Deadly Nightshade is one of four films included in a boxed set called Great British Movies: Film Noir - Volume 2 put out by an outfit called Strawberry Media in the UK. I had some doubts about this set, half expecting that the films would have no noir content whatsoever and that the transfers might be iffy. Based on Deadly Nightshade my fears were groundless on both counts.
Deadly Nightshade is a strange genre hybrid. At first it seems like a fairly typical example of the entertaining crime thrillers the British produced in such quantity at this period. But it’s also a spy thriller. It has considerable helpings of moral ambiguity, it has a strong sense of a man whose attempt to escape his fate simply traps him more completely and it has a definite Nothing Is What It Seems To Be quality. All of which is, in my view, just about sufficient to justify the film noir label.
It was directed by John Gilling, a man who made a lot of very interesting genre movies in the 50s and early 60s including a couple of superb gothic horror films for Hammer (The Reptile and Plague of the Zombies). He also wrote and directed The Challenge (aka It Takes a Thief), a very underrated 1960 film noir starring Jayne Mansfield (whose performance in the film is quite impressive).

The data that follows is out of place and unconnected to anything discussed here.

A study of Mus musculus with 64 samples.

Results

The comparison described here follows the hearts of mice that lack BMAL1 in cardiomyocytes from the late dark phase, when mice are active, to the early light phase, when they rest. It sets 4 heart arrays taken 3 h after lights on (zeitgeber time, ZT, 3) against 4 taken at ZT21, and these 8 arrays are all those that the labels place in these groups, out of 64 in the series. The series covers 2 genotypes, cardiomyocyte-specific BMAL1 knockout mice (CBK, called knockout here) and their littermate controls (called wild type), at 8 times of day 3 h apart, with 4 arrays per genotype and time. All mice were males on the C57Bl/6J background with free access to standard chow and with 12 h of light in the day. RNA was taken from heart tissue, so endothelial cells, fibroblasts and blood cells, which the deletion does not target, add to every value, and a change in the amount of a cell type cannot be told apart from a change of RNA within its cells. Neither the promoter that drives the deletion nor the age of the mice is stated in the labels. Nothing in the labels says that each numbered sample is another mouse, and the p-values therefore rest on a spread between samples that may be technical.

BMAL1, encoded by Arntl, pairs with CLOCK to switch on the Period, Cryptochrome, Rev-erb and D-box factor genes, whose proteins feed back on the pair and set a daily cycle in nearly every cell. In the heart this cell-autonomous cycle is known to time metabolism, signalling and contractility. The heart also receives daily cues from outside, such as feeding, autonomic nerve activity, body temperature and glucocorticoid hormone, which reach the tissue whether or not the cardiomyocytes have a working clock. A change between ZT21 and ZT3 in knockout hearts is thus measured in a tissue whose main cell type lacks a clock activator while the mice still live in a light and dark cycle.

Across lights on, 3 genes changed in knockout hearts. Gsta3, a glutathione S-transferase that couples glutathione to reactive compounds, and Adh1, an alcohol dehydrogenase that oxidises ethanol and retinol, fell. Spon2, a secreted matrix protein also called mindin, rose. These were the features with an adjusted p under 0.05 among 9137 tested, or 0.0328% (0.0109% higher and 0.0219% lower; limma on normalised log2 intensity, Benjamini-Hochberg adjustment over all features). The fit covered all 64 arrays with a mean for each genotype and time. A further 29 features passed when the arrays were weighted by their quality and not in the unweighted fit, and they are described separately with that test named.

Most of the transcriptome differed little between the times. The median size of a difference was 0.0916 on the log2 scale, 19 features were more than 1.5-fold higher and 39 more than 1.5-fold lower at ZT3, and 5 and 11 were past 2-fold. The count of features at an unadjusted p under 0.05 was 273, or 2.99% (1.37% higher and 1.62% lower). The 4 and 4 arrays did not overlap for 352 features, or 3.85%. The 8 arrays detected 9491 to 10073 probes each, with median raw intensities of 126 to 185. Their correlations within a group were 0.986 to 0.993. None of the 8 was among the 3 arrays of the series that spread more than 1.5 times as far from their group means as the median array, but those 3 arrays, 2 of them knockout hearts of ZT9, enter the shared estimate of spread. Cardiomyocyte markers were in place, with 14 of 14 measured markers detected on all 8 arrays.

He was a very talented director who has never received anywhere near the attention he deserves.
Then Barlow turns up on Matthews’ doorstep and things start to get complicated. From this point on any mention of specific plot points is going to entail the risk of spoilers. I’m not going to take that risk, but suffice to say that the plot includes an ocean liner sunk by a German mine seven years after the end of the war, atomic scientists and murder. And none of these events are what they seem to be.
The movie’s biggest fault is an excessive reliance on coincidence but if you accept it as a kind of film noir then that becomes less of a problem. After all in a film noir you’re not entirely surprised to see fate taking a hand to lead a character on his way down the slippery slide to the noir nightmare world.
This movie was produced by Monty Berman and Robert S. Baker who would go on to be among the most important producers in British television in the 1960s. In the 50s they specialised in low-budget movies and Deadly Nightshade was clearly made on a rather modest budget. This imposes certain limitations - there was obviously no money for attempting ambitious action sequences. This does not prove to be a major problem - with a competently written script by Lawrence Huntington, with a talented director like Gilling and with a fairly strong cast the movie has enough going for it to compensate for a lack of big money.
Deadly Nightshade is an unusual and interesting movie and it’s also rather entertaining. As a slightly noirish spy thriller it works well. Highly recommended.